A British court has rejected claims by Tesla that a television show misrepresented the performance of its electric cars. The verdict comes amid a bitter row between Tesla and the New York Times over a scathing review.
Tesla brought a lawsuit against the British Broadcasting Corporation in March 2011 over a 2008 edition of Top Gear. The suit took issue with a scene in which, following a track test, a Tesla Roadster vehicle was shown being pushed away from the track having run out of charge.
In fact, the scene was staged, though the producers said it was designed to represent what would eventually have happened based on extrapolations from its actual testing. Tesla also objected to the show allegedly implying that it had lied about the Roadster’s capacity. Host Jeremy Clarkson said in a voiceover that “Although Tesla say it will do 200 miles, we worked out that on our track it would run out after just 55 miles and if it does run out, it is not a quick job to charge it up again.”
Tesla lost its initial case but brought an appeal. That’s now been thrown out by a panel of three judges including Lord Justice Moore-Bick, who noted that he had watched the episode several times before making a ruling. The judges upheld the original verdict that said it would be clear to the viewers that the 55 mile range referred to the aggressive driving Top Gear used on a racing track test, rather than its range in ordinary road driving.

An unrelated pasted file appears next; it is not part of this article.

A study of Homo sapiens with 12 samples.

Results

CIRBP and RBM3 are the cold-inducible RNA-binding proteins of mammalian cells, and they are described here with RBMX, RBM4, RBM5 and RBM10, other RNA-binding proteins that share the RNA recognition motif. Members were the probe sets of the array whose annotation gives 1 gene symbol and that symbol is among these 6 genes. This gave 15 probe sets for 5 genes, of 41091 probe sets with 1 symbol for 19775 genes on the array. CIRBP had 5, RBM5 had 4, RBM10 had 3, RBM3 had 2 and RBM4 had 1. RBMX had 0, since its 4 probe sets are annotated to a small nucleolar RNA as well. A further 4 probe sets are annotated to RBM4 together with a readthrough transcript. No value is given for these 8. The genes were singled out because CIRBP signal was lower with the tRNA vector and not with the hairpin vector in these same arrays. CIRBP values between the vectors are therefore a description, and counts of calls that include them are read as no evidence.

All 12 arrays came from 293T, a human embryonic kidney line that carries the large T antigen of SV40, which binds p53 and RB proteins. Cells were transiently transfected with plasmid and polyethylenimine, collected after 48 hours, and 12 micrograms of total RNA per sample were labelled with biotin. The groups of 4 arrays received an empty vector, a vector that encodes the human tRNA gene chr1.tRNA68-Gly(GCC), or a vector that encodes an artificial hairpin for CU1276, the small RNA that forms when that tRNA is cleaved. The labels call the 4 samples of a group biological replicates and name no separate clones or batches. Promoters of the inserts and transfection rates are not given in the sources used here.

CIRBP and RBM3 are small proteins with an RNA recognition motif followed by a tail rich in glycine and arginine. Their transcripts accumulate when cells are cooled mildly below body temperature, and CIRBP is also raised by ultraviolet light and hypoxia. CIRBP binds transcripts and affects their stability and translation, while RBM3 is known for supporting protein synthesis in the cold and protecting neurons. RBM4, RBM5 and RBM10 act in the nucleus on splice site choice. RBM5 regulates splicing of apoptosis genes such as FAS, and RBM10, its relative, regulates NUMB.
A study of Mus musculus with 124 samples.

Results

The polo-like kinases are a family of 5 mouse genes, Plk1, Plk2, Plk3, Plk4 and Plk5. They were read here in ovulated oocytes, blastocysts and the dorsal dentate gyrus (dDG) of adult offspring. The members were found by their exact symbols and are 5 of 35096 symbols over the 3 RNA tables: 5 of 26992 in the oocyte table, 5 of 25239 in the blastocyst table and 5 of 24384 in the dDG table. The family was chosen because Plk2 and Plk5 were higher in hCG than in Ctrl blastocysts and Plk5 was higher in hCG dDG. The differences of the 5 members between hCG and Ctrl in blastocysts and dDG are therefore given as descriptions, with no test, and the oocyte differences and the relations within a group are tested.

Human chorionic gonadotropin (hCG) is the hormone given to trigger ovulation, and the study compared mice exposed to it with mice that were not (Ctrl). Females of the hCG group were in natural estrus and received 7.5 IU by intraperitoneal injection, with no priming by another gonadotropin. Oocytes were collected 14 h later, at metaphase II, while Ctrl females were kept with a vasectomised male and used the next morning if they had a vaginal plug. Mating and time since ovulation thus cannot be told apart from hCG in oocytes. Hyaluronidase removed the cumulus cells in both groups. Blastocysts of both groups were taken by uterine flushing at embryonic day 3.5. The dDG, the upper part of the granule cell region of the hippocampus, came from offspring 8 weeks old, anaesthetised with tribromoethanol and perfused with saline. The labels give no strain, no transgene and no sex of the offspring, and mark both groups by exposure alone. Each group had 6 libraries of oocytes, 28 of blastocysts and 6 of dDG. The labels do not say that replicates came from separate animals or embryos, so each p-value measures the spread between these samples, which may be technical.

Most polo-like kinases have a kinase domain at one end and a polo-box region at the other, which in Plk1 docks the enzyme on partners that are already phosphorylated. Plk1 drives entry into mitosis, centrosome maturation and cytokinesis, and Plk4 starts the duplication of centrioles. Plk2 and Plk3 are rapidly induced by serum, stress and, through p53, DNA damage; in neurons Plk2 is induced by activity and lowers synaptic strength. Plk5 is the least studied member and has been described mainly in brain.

The appeal court also rejected the suggestion that Tesla deserved additional damages because sales in the UK were much lower than expected thanks to the adverse publicity and the affair had damaged investor confidence. The judges upheld the original verdict that said there was no clear evidence linking the broadcast to any specific damage to the company.
Meanwhile the war of words between Tesla and the New York Times continues. Following a road test review claiming the Model S car’s range was far below what was advertised and the writer was left stranded when it ran out of juice, Tesla published monitoring data from the vehicle. It says this proves writer John Broder repeatedly lied, though Broder disputes this interpretation.